The thirsty 21 million children

01Aug07

You wouldn’t think that water would be an age discriminaton issue, but it is, according to a new report. According to the BBC (Latin American Young Lack Water) a third of young people in Latin America have not got access to clean water, compared to a quarter of adults. The report, co-written by the UN’s Economic Commission for latin america and the Caribbean and UNICEF, says the problem is a threat to nearly 21 million children. The worst countries are the poorest, Honduras, Bolivia and, surprise, surprise, Nicaragua. Within these countries the black and indigenous communities suffer most.

In the case of Nicaragua around a half of the population do not have access to clean drinking water, rising to 90 per cent on the Caribbean Coast. Given the continuing disaster of Nicaragua’s electricity company, Union Fenosa, which has led to a summer of power cuts throughout the country, water seems safe from privatisation (see our latest newsletter, posted earlier this month). In fact, in a meeting of Central American Vice Presidents in December, the privatisation of water seemed to be ruled out in all the region’s countries.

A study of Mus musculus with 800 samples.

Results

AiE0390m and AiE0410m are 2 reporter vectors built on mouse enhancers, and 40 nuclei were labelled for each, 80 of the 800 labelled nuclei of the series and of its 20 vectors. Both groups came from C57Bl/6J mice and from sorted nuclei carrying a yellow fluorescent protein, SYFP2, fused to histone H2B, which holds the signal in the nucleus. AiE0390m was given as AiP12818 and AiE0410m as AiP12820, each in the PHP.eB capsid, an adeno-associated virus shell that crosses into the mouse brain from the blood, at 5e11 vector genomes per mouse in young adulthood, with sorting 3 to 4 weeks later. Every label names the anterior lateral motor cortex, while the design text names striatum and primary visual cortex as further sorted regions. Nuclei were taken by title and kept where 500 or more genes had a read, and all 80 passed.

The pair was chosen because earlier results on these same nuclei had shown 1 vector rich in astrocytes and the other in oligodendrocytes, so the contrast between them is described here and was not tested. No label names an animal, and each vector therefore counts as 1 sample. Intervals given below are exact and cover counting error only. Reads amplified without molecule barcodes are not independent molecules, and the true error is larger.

There are two qualifications. Firstly, there’s privatisation and then there’s management contracts, which are privatisations by the back door. Though government’s deny these are privatising services, handing over management contracts to foreign companies is a well known stepping stone to them getting their hands on public assets. Indeed, Union Fenosa first came to Nicaragua in the 1980s during the Sandinista government, when they were supposedly giving ‘technical advice’. Now, at a municipal level, British company Bi-water is doing the same thing in the North of Nicaragua.

Secondly, it is one thing to keep the assets public. It is another to widen the access to the population. Fortunately many good examples exist in Latin America, particularly at a local government level, where access to water is almost universal because of careful public stewardship. For a rich source of information about opposition to water privatisation and examples of successful public services, see the Transnational Institute’s Water Justice section.